Jeff Ewoldt's 1978 International Harvester 1460.
STILL ROLLING: Jeff Ewoldt's 1978 International Harvester 1460, which he's used to harvest corn and soybeans on his farm since fall 1994. But it didn't always look this cherry. When Ewoldt first purchased the combine, it had spent two years idle in a field, and was still full of wet, rotten corn.

1978 IH 1460 to kick off HHD combine demos

At HHD's 40th, get ready for a blast from the past — each combine demonstration will start off with a 1978 International Harvester 1460 — one of the first axial flow combines developed.

You'll definitely get a chance to see new machines in action at the 2017 Husker Harvest Days. However, to commemorate HHD's 40th anniversary this year, each combine demonstration will kick off with a 1978 International Harvester 1460 — one of the first series of axial flow combines to hit fields in the late 1970s.

Looking at the combine's mint condition today, you'd never know it spent two years of its life sitting idle in a cornfield, full of wet, rotten corn, and collecting rust and rats. Jeff Ewoldt, who farms near Grand Island with his dad, Bryce, found the combine at a farm sale near Shelton in 1994.

"I found it at a farm bankruptcy sale. It sat in the cornfield for two years with corn in it. We bought it and it didn't even run. It was full of rats the size of cats," says Jeff. "We bought it in March of 1994, and used it the fall of ’94 to pick corn. But when we started, the only thing left on it was the cab."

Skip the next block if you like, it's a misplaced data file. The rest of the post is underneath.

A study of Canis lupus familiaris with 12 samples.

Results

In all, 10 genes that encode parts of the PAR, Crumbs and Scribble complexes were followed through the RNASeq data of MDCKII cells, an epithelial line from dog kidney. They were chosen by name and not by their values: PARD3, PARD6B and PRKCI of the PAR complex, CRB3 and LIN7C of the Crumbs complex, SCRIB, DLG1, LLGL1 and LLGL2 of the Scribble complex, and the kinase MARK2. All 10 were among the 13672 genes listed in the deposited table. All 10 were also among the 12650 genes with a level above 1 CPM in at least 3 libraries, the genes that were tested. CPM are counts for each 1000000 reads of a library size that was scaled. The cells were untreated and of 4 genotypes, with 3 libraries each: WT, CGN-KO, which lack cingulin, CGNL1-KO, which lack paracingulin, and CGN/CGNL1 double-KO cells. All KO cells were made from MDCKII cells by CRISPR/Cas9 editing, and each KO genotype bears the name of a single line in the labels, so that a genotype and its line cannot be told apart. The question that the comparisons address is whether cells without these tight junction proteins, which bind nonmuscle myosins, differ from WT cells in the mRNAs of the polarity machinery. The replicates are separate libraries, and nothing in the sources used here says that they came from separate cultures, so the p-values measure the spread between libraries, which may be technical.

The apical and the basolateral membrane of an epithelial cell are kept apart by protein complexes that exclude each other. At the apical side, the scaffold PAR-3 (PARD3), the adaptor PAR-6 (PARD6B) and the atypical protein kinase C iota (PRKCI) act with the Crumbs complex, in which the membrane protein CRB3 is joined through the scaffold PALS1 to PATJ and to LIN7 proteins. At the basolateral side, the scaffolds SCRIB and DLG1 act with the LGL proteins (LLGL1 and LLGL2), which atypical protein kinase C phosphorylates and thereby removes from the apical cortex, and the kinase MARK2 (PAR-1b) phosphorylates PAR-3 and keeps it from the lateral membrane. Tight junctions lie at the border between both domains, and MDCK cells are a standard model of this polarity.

So, Jeff and Bryce went through the entire combine, replaced the unloading auger, the grain pan, the fan, rebuilt the rotor, and everything else that had rusted over the course of two years. Most of the parts came from Fairbanks International Inc. in Kearney. "Physically, from the outside, it looked fine, but the inside was completely rusted," he says. "We pretty much disassembled it and rebuilt it from the ground up and still use it today. It was totally gutted and put back together. And after sitting in the weather for two years full of corn, there were some pretty rusty pieces."

While the engine ran fine at the time, they eventually overhauled the DT436 engine 10 years ago.

Now, the 1460 is his primary combine, and it pushes an eight-row corn header through his fields every year. "It runs fine and does a good job for us. We still do regular maintenance on it, but for the most part, it gets the job done," Bryce says.

That's not his only restored piece of red equipment. The Ewoldts, who are avid Case-IH collectors, are restoring an IH Farmall 400 tractor and have restored several red tractors in the past, including an International 560 propane tractor, a Case IH 3588 2+2 with dual front and rear wheels, a 5288, 5488 and 7120, all of which he still uses. "Over the years, we've restored quite a few red tractors, including some bigger tractors that we've sold," says Jeff.